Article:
A person not entirely in the frame brews coffee in a jug at a cafe.

Are Coffee Shops a Sign of Gentrifying Neighborhoods?

Many Americans have become enamored with local coffee shops. The domain of “spiked hair,” “postmodern baristas” (LA Weekly), these businesses are so often associated with liberal views that a small number of new coffeehouses now base their marketing around their uniquely conservative politics (The Blaze). The movement of modern, boutique “third-wave” coffeehouses — following the first wave of postwar instant coffee and the second wave exemplified by Starbucks — is even named after third-wave feminism (Tamper Tantrum). Coffeehouses can be presented as intersectional oases where open displays of bigotry are as rare as “Hate Has No Home Here” signs are ubiquitous. 

However, these trends may distract from real issues of racial equity in the way coffee is produced, sold, and served. First, there are clear racial and socioeconomic disparities in the industry. Wealthier people consume more coffee than the less affluent (Brandon Gaille), and coffeehouses looking to soak up some of Starbucks’ customers target “urban,” “affluent,” and “educated” consumers with an average income of $90,000 (The Motley Fool). Given that Black people are less likely to consume coffee or work in the domestic coffee industry (Roast Magazine), this means that coffee shop patrons are disproportionately white. This facilitates shocking acts of racial exclusion against non-white patrons.

Two Black men were arrested waiting for a business meeting in a Philadelphia Starbucks. W. Kamau Bell was asked to leave a Berkeley coffee shop after approaching his wife, who is white (ABC 7). Santana Tapia, a transgender Latina resident of San Francisco, felt deeply unwelcome inside the expensive, largely-white coffee establishments appearing in the city where she grew up drinking nightly coffees with her family (MSN). 


Follow and support Cxffeeblack and Black-owned coffee businesses

Encourage predominantly-white coffeehouses to commit to anti-racism and support local anti-gentrification initiatives.

Support democratically-run, collectively-owned coffee farming.

The affluent, largely white patrons inside gourmet coffee shops can lead to the whitening of the neighborhoods that surround them, as well. Researchers found correlations between the appearance of high-end coffeehouses and neighborhood gentrification in cities around the world (Bitter Root). One Denver shop had the audacity to declare “happily gentrifying the neighborhood since 2014” on a sidewalk sign (Washington Post). Even liberally-oriented establishments can post “Black Lives Matter” signs while doing nothing to address their role in pushing actual Black people out of the neighborhoods they move into (Truthout).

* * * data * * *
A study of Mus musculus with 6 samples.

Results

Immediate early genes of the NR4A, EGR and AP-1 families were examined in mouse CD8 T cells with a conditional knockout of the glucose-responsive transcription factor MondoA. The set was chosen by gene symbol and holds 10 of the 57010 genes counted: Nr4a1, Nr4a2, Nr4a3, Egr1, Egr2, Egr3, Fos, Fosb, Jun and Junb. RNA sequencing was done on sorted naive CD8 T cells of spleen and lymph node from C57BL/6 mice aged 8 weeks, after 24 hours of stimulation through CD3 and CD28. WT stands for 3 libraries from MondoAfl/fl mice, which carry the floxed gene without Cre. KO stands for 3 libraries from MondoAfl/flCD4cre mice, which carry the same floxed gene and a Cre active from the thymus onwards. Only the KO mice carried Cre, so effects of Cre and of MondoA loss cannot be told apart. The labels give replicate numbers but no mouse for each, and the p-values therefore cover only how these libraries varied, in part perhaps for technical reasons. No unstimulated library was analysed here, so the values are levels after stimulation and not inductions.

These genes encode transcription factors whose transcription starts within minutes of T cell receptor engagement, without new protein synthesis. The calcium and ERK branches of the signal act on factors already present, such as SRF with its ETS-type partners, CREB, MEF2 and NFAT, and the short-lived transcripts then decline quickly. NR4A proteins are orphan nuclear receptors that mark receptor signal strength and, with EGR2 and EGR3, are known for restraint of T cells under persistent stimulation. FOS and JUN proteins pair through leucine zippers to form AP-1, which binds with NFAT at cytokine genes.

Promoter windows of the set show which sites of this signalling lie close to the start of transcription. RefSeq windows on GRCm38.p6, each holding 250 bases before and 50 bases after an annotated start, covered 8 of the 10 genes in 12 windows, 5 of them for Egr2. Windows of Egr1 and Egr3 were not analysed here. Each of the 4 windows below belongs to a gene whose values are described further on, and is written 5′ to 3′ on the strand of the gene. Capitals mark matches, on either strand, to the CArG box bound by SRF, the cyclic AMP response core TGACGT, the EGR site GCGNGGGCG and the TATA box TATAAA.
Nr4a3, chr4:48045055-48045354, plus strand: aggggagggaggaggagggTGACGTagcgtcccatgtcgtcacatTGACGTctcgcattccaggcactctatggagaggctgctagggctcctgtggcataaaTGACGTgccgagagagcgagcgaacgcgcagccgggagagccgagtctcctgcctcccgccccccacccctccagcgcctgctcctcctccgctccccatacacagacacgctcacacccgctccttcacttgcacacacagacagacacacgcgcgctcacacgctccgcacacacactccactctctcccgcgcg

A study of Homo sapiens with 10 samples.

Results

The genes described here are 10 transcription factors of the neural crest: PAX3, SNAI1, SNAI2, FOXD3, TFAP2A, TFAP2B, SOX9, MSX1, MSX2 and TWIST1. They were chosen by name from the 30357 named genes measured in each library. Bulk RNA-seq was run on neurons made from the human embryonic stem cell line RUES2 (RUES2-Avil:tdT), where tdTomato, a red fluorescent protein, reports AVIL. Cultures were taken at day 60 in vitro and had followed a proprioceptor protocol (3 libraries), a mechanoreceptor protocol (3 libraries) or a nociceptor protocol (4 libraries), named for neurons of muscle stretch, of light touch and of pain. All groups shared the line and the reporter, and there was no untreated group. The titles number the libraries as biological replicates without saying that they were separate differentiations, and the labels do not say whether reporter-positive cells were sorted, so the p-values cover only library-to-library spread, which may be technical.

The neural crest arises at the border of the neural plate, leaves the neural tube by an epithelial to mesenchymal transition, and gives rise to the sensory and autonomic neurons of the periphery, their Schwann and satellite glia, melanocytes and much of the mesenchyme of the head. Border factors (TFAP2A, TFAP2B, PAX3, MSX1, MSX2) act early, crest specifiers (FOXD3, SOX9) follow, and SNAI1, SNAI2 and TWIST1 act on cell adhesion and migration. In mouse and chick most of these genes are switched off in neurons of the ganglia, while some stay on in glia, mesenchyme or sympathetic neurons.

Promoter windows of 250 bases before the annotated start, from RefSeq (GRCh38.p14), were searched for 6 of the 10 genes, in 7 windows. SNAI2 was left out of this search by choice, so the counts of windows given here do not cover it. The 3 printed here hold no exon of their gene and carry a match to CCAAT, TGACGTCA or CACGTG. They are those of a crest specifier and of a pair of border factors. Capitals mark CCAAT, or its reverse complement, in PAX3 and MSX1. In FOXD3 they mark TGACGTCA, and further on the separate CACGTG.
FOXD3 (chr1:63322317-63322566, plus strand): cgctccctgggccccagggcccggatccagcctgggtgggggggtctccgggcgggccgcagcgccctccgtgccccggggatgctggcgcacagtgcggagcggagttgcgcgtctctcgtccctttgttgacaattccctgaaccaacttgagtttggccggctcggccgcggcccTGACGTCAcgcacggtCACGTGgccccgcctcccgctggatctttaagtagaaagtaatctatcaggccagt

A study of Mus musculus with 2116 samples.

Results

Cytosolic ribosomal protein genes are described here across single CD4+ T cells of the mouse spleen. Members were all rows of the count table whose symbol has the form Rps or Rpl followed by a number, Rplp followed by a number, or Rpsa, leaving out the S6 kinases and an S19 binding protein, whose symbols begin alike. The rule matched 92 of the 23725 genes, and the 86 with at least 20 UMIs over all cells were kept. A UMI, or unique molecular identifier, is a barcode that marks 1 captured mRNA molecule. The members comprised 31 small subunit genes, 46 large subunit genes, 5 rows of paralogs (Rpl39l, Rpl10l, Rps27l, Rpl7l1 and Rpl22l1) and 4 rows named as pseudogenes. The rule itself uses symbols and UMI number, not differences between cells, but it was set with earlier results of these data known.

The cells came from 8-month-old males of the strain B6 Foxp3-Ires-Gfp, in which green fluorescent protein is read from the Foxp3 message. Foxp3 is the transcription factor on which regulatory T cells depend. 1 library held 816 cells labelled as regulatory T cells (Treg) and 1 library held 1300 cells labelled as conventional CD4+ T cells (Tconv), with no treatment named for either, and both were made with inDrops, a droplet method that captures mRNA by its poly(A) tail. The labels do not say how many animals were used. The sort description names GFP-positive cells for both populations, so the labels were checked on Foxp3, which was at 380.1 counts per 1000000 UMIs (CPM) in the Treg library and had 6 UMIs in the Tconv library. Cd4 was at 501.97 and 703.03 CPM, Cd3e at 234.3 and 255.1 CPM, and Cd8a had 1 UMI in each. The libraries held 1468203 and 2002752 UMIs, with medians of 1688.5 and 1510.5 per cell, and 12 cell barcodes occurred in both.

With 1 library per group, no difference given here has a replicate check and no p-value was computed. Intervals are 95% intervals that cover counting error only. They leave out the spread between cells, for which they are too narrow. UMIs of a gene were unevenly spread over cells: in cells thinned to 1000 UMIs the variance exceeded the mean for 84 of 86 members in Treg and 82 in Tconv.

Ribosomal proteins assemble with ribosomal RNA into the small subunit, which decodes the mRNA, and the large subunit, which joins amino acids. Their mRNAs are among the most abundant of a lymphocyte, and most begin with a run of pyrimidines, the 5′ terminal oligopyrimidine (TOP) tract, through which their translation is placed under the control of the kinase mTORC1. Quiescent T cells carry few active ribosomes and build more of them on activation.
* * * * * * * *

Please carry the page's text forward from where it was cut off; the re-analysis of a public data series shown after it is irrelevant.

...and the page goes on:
And equity issues start before coffee beans arrive at the cafe. The global coffee industry grew off the labor of enslaved people in places like Java, Haiti, Central America, and Brazil. Today, “shockingly little has changed” as the overwhelming majority of coffee producers are Black, Indigenous, and people of color living in extreme poverty. Indentured Indigenous farmworkers toil without showers, latrines, or adequate drinking water on white-owned plantations (Heifer International). Illiberal practices permeate the supposedly liberal coffee industry: racial profiling in coffee shops, economic displacement in surrounding neighborhoods, and virtual slavery in the fields where coffee is grown.

Fortunately, people are taking action to bring true equity to the coffee world. Black-owned coffee shop owners and employees like Cafe Grumpy’s Tinuade Oyelowo in New York and Urban Grind’s Cassandra Ingram in Atlanta advocate for inclusion in coffee culture (Roast Magazine). San Francisco’s Santana Tapia helped found a worker-owned pro-queer coffee shop (MSN). Hasta Muerte is a Latinx worker cooperative that sells coffee and serves as a “sanctuary space for people of color, low-income people, and immigrants” (East Bay Express).

Camila Coddou, a former barista who advocates for equity in the industry, asks coffee owners, “Are you dropping into a community of people that don’t look like you who are losing their rights?” (Bitter Root). Community members responded to the Colorado pro-gentrification coffee shop with a boycott and protest (Washington Post). The visibility of these protests pushed the local government to double the city’s affordable housing fund (Fox 31). And the Anti Gentrification Coffee Club in Memphis is a coffeehouse run to “deepen the ties in [communities of color], rather than displace them” (Cxffeeblack).

In southern Mexico, coffee plantations formerly owned by wealthy landowners are now democratically run as cooperatives by Mayan farmworkers. Though anti-Indigenous paramilitaries recently attacked the crop stored in two warehouses (ROAR), Mayan communities continue to self-organize coffee production and send it around the world, demonstrating that coffee farming doesn’t require exploitation and deprivation if those growing it are empowered. 

Inequalities in the coffee industry don’t mean we have to give up drinking it. But we shouldn’t let the progressive image of coffee culture obscure real work to do in making it equitable for us all.  


  • Independent coffee shops are known for being progressive and inclusive. 

  • In actuality, coffeehouses can be exclusive spaces that facilitate gentrification, while much coffee is farmed by unfree workers living in poverty. 

  • People are taking action along the supply chain from the coffee fields to the neighborhood coffee shop to make sure coffee can be good for all of us.
2400 1600 Andrew Lee

Andrew Lee

Andrew Lee is a writer and organizer plotting a better world in Philadelphia. His work has previously appeared in Notes From Below, Perspectives on Anarchist Theory, Plan A Magazine, ROAR Magazine, and Teen Vogue.